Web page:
Robert Thompson, Trustee Professor of radio, television and film and director of the Bleier Center for Television and Popular Culture in the Newhouse School, was quoted in The Telegraph article “Analysts Consider Twitter Under Musk Regime.” This story details Elon…
Film series features ‘Freaks, Geeks and Othered Physiques’
Film series features ‘Freaks, Geeks and Othered Physiques’September 16, 2007SU News ServicesSUnews@syr.edu
The Beyond Compliance Coordinating Committee is sponsoring the Fall 2007 Disability Film Series “Freaks, Geeks and `Othered’ Physiques.” The film series calls into question popular culture representations of people who may not conform to the typical representation put forth by the dominant culture.
All films are screened at Watson Theater at 7 p.m. Admission is free and open to all Syracuse University students and community members. These events are fully accessible with captioning, film narration and transcripts of discussions. Refreshments will be provided.
The films are as follows:
Sept. 17: “Gattaca” (1997)Vincent is one of the last “natural” babies born into a sterile, genetically-enhanced world where life expectancy and disease likelihood are ascertained at birth. Myopic and due to die at 30, he has no chance of a career in a society that now discriminates against your genes, instead of your gender, race or religion.
Oct. 1: “Dance Me to My Song” (1998)Rolf de Heer’s “Dance Me to My Song” is an extraordinary Australian work that was written by Heather Rose, who has cerebral palsy and communicates through a computer and a speaking machine. As the film opens, she’s at the mercy of a stupid and cruel care giver who neglects and insults her. Using her motorized wheelchair and her lively intelligence, she tries to figure a way out of her dilemma. In the opening shot, the heroine seems hopeless and alien. By the end, we identify more with her than with the “normals” in the story. Special presenter will be Raven James, post doctoral fellow in disability studies at SU.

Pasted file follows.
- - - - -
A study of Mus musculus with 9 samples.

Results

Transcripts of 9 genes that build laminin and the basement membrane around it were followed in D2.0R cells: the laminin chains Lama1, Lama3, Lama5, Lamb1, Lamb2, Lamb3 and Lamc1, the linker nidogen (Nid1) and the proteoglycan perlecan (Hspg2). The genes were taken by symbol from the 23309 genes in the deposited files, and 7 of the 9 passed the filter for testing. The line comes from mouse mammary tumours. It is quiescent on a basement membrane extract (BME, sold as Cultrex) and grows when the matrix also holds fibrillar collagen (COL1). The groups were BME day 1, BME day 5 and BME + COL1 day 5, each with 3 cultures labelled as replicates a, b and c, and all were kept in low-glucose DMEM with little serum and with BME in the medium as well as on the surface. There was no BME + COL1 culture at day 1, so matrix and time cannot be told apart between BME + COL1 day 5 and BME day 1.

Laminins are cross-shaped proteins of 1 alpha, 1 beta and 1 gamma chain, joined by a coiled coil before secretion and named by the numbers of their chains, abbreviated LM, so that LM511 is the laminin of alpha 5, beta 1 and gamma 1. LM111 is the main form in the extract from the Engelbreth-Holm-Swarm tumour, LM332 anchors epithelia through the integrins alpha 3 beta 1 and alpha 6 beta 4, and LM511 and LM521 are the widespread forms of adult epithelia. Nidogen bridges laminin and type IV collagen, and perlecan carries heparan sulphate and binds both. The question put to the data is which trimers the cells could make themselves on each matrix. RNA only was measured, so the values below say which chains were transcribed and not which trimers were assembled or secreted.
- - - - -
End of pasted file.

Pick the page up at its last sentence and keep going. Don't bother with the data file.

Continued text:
Oct. 15: Selection of short documentary films about school inclusion. Special guest speaker will be Jonathan Mooney, acclaimed author of “The Short Bus” (Henry Holt & Co., 2007).
Nov. 5: “Benny and Joon” (1993)Mary Stuart Masterson stars as Joon, the mentally ill sister of Benny (Aidan Quinn), an auto mechanic who takes care of her. The quick-witted Masterson spends her days at home, painting with passion. Overprotective, Quinn actually sacrifices his life for Joon; he is too close and too concerned about her. The siblings go through housekeeper after housekeeper until a quirky character played by Johnny Depp comes along.
Nov. 26: “The Ringer” (2005)Pressured by a greedy uncle (Brian Cox) and a pile of debt, lovable loser Steve Barker (Johnny Knoxville) resorts to an unthinkable, contemptible, just-crazy-enough-to-work scheme. He pretends to be mentally challenged to rig the upcoming Special Olympics and bring home the gold. But when Steve’s fellow competitors get wise to the con, they inspire him to rise to the greatest challenge of all: becoming a better person. Special guest speaker will be Andrea Stafford, who has an M.A. in critical disability studies from York University
Dec. 3: “Little Miss Sunshine” (2006)Meet the Hoovers, an Albuquerque clan riddled with depression, hostility and the tattered remnants of the American Dream. Despite their flakiness, they manage to pile into a VW van for a weekend trek to L.A. in order to get moppet daughter Olive (Abigail Breslin) into the Little Miss Sunshine beauty pageant. The film features Greg Kinnear and Toni Collette as the parents (he’s hoping to become a self-help authority), Alan Arkin as a grandfather all too willing to give uproariously inappropriate advice to a sullen teenage grandson (Paul Dano), and a subdued Steve Carell as a jilted gay professor on the verge of suicide.
The Beyond Compliance Coordinating Committee (BCCC) is an organization made up of SU students who are working to create and support a positive climate toward disability that values individual difference in all University settings. The BCCC takes an active role in advocating for changes in University policy and practice. For more information, visit http://bccc.syr.edu.